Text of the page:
Located in a residential district in northern Osaka, the House in Toyonaka is surrounded by closely packed houses and lacks any outstanding views. Due to the adjacent homes, maintaining privacy was of the utmost importance. The aim of the design was therefore to create a stimulating and beautiful space that nevertheless had no large windows and was closed to the outside world.
The building comprises a single mass divided into three boxes, the spaces between which serve as the locations for openings that provide fresh air, sunlight and unrestricted lines of sight. The smallness of these openings is precisely what makes the sudden glimpses of sky or streetscape that they offer so striking. The
way the sunlight pours in through them is also remarkable; they serve as devices for making the residents conscious that sunlight constantly shifts over time.
Outside, the use of different exterior wall materials and finishes on each of the three boxes makes it easy to visually comprehend the building’s structure.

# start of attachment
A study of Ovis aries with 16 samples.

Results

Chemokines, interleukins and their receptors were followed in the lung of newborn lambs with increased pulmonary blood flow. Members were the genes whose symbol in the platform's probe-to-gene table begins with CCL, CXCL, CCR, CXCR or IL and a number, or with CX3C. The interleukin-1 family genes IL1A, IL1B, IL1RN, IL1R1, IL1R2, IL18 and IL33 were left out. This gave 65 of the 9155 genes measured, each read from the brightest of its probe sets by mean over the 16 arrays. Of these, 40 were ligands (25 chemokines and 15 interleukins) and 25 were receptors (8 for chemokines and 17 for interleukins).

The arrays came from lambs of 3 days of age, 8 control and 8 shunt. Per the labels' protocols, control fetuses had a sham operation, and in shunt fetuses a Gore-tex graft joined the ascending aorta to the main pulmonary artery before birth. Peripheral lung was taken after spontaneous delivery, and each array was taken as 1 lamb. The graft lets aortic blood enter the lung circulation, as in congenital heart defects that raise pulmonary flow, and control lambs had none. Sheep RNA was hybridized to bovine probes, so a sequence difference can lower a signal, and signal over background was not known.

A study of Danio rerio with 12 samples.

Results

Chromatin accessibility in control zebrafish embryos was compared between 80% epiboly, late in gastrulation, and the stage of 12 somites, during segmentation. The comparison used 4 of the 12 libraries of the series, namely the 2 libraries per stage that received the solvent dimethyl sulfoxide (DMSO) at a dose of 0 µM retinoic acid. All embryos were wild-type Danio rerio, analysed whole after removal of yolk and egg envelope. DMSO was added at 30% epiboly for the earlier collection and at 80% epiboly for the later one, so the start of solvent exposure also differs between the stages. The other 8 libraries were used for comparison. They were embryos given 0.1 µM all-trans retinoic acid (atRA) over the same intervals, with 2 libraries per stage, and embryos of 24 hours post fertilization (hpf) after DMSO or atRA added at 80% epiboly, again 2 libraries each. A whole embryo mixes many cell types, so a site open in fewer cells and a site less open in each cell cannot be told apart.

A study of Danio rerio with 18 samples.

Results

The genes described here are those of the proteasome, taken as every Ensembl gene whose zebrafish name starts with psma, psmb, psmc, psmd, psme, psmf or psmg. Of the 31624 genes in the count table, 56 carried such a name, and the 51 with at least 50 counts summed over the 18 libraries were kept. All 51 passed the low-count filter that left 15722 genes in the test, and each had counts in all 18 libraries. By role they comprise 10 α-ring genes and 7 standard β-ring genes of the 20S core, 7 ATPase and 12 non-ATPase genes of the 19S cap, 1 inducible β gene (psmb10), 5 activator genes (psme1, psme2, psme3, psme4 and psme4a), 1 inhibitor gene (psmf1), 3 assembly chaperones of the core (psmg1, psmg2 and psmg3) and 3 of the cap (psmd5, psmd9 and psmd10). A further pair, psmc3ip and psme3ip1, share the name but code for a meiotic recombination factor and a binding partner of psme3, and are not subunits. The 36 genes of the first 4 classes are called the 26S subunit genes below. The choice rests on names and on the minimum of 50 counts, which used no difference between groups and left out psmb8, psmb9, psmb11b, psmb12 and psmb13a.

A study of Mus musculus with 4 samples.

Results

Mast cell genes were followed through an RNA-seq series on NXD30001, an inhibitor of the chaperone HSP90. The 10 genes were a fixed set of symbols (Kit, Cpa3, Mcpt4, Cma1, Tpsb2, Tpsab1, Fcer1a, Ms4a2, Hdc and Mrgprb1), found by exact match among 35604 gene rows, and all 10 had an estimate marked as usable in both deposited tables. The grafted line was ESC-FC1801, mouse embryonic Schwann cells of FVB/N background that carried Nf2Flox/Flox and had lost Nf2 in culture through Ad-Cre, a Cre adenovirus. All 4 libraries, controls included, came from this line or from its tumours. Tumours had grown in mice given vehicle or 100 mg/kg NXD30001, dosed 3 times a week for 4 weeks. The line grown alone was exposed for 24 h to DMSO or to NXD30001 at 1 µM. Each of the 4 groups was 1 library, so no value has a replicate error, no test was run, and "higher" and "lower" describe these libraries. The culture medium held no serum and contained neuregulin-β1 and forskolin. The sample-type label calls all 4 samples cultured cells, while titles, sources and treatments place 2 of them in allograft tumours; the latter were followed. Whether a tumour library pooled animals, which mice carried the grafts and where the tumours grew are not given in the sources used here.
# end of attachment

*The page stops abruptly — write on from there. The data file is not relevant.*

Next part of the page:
The open living-dining-kitchen area is pierced by a light court that extends vertically through the building. Although the light court is constructed with flashing, outside air still passes through it, allowing it to function as an exterior space within the interior that brings light and ventilation to the main living area. Thanks to the court’s glass floor, light penetrates all the way to the first-floor garage, supplementing the not-quite-adequate light coming from the gaps between the boxes. In addition, because this semi exterior space is situated in the living-dining-kitchen area, the home avoids feeling shut-in even though it is in fact closed to the streets outside.